Al Urbanski
Cindy Andersen
Cindy Andersen

Cindy, Ingka is an international operator. Did you experience widely different effects from region to region?
Yes, you are right. Things varied depending on the place and time. There were two waves. Things were worse in Russia and China during the first wave of COVID-19. Europe was affected more negatively during the second wave, while Russia and China were a bit more stable.

The first North American sites for your urban centers are San Francisco and Toronto. Still planning to open in major markets here first?
Yes, our strategy remains the same. I would very much say that the bigger cities will stay on the top of our lists. We are very much committed to the United States and North America and are looking for great opportunities where we can create Ikea destinations.

"We are very much committed to the United States and North America and are looking for great opportunities where we can create Ikea destinations."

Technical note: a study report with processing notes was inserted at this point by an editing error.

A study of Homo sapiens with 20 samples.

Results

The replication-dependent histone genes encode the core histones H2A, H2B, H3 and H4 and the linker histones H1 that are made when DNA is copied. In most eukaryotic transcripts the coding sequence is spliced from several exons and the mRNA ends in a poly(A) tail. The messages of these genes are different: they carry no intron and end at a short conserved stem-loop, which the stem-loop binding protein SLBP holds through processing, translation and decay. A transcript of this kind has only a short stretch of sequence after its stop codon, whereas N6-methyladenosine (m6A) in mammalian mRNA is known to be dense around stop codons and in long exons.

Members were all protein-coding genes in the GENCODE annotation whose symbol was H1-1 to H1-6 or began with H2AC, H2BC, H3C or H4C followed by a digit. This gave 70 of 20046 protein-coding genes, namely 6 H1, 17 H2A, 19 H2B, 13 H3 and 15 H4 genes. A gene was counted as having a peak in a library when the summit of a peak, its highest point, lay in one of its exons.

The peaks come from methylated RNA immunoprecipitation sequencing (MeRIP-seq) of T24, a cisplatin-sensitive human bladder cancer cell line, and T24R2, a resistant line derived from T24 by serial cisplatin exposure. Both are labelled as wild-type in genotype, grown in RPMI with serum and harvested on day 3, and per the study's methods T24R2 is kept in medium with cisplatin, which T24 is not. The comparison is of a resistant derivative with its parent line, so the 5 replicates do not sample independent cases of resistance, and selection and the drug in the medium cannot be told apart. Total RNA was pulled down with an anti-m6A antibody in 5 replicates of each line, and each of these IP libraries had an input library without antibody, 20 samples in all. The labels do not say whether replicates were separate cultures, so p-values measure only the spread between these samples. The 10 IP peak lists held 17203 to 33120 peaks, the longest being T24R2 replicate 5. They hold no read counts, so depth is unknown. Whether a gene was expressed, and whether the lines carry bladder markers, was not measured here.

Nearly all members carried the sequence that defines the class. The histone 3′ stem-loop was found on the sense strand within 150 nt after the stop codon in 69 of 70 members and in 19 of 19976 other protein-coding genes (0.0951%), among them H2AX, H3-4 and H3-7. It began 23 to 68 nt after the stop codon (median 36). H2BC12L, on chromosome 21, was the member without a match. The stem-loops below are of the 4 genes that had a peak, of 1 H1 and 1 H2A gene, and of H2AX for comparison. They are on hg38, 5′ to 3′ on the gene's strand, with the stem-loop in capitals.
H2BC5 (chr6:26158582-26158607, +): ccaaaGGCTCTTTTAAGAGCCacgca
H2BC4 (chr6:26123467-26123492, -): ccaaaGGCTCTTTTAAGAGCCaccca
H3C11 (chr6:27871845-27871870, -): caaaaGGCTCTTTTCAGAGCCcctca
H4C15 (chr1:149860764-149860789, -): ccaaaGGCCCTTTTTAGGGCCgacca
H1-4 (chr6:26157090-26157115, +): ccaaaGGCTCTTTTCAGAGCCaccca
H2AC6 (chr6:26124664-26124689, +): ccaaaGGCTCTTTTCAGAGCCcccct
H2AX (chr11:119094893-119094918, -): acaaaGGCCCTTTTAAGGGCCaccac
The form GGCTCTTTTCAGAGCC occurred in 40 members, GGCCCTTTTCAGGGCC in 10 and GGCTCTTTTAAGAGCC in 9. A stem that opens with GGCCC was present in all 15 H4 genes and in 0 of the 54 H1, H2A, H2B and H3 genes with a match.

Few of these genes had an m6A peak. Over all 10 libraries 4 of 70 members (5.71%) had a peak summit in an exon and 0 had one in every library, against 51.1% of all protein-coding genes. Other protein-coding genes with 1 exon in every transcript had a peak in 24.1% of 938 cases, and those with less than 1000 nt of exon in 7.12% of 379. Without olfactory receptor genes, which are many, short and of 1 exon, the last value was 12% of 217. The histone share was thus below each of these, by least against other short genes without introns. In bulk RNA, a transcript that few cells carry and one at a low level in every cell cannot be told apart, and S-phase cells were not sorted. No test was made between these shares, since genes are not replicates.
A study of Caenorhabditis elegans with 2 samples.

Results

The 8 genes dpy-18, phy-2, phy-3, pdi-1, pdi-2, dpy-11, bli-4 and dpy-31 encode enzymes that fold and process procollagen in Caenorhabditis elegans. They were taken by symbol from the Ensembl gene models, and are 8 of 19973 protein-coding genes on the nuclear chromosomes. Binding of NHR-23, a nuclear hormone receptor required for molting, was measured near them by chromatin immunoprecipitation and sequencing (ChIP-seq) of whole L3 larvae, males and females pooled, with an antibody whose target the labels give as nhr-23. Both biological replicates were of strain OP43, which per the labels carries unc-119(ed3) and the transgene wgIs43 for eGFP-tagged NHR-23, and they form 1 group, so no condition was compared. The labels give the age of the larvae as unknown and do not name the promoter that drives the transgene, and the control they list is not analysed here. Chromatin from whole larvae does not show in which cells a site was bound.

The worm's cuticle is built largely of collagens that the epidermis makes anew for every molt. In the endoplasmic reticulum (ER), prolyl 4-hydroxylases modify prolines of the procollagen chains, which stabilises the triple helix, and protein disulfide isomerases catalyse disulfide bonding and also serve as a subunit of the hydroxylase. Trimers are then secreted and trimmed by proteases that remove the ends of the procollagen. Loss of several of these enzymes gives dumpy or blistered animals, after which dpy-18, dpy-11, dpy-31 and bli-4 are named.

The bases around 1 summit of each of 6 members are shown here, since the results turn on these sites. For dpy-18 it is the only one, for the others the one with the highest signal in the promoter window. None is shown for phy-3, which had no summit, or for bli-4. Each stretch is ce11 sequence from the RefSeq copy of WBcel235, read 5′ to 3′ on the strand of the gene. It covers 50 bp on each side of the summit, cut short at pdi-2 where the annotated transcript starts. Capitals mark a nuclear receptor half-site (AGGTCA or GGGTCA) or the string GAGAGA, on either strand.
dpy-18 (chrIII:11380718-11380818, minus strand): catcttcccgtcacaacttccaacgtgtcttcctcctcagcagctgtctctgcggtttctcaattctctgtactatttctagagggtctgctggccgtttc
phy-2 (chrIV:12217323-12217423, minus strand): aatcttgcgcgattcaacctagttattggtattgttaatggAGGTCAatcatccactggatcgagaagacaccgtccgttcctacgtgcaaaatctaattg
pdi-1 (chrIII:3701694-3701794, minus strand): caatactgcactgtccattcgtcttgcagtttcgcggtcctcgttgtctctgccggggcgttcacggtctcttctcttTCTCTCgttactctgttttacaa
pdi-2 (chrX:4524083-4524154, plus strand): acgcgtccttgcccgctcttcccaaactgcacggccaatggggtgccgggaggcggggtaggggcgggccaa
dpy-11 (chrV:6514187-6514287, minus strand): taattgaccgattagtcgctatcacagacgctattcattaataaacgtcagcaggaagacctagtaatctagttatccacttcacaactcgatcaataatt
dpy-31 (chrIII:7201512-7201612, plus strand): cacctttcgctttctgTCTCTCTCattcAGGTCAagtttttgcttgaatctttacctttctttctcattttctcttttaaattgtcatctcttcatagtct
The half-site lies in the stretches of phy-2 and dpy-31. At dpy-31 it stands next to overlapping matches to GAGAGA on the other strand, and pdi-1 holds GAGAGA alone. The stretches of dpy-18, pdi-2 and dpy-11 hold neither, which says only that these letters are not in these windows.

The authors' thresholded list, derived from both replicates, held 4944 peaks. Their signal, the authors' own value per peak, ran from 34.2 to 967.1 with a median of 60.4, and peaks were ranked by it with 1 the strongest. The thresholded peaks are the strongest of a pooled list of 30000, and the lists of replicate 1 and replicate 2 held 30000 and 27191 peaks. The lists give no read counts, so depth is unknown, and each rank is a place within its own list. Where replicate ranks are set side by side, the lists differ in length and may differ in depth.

Your properties in Russia and China are mostly mega-malls with large Ikea footprints. In both San Francisco and Toronto, however, you’ve purchased smaller, existing spaces. So what’s your format going to be like here.
We’ve changed our concept here to what we call a meeting place. We want to have mixed-use elements and offer lots of experiences. What we aim to create in urban environments are super-exciting and compelling meeting places.

So these won’t be all-retail? They will be smaller urban experiences?
I would say that our mission is to create magic for the neighborhoods where we locate.

Some of the tenants besides Ikea?
We can’t name particular tenants yet, but we will definitely be seeking to create great food and beverage and entertainment experiences. We are developing completely new plans for the buildings we have now. They haven’t been finalized yet, but what we are looking to do is create incredibly exciting new meeting places.